By Natalie Rizzo, MS, RD | @
You may think that healthy eating requires a ton of time, effort and energy. But what if I told you that there are certain things you can keep in the house to make healthy eating easier? These 10 items are simple things that every family should have in their household to make whipping up a healthy meal a breeze.
1. Olive Oil
Rich in monounsaturated fats, aka “good fats”, olive oil is a staple in the Mediterranean diet, which has been linked to lowering your risk of heart disease, heart attack and stroke. Olive oil can be used in place of butter in any recipe or to whip up a healthy salad dressing. But oil is very high in calories, so try to stick to less than 3 tablespoons per day.
2. Fresh or dried herbs
Herbs like parsley, cilantro, dill, rosemary, thyme, basil and sage are a wonderful, salt-free way to add flavor and nutrients to your home cooking. While I suggest buyin fresh herbs during each visit to the supermarket, I realize that it’s much more economical to keep dried herbs in your pantry. To get all the nutrients of fresh herb, try drying your own. Leave fresh herbs out on a plate for several days until they dry up; store them in a plastic baggie.
3. Fruit bowl
One of the easiest ways to get your kids to eat fruit is to leave it out on the table in a big bowl. Research has shown that people are much more likely to reach for snacks in their line of sight. By keeping a fruit bowl out in the kitchen and storing junky snacks away in a cabinet, you are enticing your family to go for the apple rather than the cookie.
Kids love smoothies, and smoothies are packed with nutritious fruits and veggies. Prep your smoothies ahead of time by placing 1 cup of frozen berries, 1 cup of spinach and ½ unpeeled banana in a Ziploc bag in the freezer. When you’re ready to make the smoothie, place the contents of the ag into the blender, add ½ cup of vanilla yogurt and 1 cup of milk or water and blend.
A whisk is one of my favorite no-fuss kitchen tools because I use it to make homemade salad dressings. Store bought dressings are filled with additives, preservatives, extra salt and extra sugar. Instead, make your own by whisking together 2 tablespoons of olive oil with 1 tablespoon of vinger. Voila—you’ve got a homemade dressing in seconds.
6. Dried whole grains
Dried whole grains, like quinoa, brown rice, farro, bulgur or sorghum, are great to have on hand to throw together a healthy dinner in a flash. Whole grains contain fiber and protein, both of which keep you fuller longer and help with weight management. Mix any cooked whole grain with a few veggies, a protein (like chicken, fish or beans), fresh herbs or spices and you’ve got a delicious meal in a bowl any night of the week.
Along the same lines as whole grains, dried or canned beans are a wonderful pantry staple that can be mixed with almost anything to create a hearty and satisfying meal. Packed with fiber and protein, beans are an inexpensive and healthy ingredient to always keep on hand. It’s important to note that canned beans are packed in salt, so they should be rinsed and drained before serving.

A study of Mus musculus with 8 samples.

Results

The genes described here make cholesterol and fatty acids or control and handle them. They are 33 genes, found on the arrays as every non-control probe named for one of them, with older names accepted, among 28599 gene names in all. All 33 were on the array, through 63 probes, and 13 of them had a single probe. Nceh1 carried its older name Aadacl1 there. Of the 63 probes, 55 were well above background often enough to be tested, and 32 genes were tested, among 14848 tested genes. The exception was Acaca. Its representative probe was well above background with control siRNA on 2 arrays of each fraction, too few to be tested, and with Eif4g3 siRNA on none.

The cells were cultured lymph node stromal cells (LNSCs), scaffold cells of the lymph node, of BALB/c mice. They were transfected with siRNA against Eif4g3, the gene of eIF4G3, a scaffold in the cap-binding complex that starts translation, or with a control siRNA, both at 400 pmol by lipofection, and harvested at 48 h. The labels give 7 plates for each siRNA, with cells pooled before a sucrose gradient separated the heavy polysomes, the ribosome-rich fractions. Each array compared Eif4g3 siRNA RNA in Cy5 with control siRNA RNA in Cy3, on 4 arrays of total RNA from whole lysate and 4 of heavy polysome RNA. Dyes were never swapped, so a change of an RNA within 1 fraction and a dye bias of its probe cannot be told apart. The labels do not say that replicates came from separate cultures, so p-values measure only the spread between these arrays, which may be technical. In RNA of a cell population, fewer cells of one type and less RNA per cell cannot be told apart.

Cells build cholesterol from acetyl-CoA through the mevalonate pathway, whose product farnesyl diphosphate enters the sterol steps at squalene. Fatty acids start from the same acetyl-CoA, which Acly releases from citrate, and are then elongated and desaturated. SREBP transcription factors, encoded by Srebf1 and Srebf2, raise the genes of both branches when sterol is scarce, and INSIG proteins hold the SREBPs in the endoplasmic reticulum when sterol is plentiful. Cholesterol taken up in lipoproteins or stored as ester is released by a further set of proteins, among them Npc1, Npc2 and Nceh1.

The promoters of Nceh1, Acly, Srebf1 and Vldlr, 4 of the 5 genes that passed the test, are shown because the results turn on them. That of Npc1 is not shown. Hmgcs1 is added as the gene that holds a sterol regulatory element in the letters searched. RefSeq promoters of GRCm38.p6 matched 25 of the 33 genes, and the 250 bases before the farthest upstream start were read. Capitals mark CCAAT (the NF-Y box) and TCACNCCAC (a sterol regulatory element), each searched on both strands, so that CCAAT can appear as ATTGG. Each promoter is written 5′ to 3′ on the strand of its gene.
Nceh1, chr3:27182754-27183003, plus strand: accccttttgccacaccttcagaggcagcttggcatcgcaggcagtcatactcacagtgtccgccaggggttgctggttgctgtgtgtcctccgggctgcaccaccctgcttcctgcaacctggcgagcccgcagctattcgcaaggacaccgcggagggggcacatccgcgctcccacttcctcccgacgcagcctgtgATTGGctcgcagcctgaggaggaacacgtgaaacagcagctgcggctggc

8. Frozen veggies
People often think that frozen veggies don’t provide the same nutrients as fresh veggies, which is completely untrue. Frozen veggies are picked at the peak of freshness and then frozen, so they contain the same nutrients as fresh veggies. Frozen veggies can come in handy when your fridge is looking bare. Add them to soups, smoothies or whole grain dishes.
9. Fresh spices
I say “fresh” because spices do have an unstated expiration date. According to the spice company McCormick, these are the suggested shelf lives of spices:
Ground Spices – 3 to 4 years
Whole Spices – 4 years
Dried, Leafy Herbs – 1 to 3 years
If you haven’t replaced your spices for 10 years, it’s time for an upgrade.
10. Family meal time
You got me—this isn’t really an “item”, but rather something that I encourage all families to implement at least a few times per week. Eating meals as a family encourages healthy eating and a healthy relationship with food. When children see parents eating healthy foods, they are more likely to try that foods themselves!
A-Game Sports’ nutritionist can speak with your child and work with you to setup a unique individual nutrition plan to reach all of your health goals. Set up a nutrition consultation today.
Natalie Rizzo, MS, RD is a Registered Dietitian and food and nutrition writer, specializing in sports nutrition and adolescent nutrition education. Natalie has worked with many prestigious organizations, such as Hospital for Special Surgery, the American Dairy Association & Dairy Council, NY Yankees Baseball Camps and NYC Charter Schools. She has also written for many food and nutrition publications, such as Women’s Running, Spright, Toby Amidor Nutrition, The Active Times, SuperKids Nutrition and Food & Nutrition Magazine, and she has been quoted in Women’s Health Magazine and Men’s Health.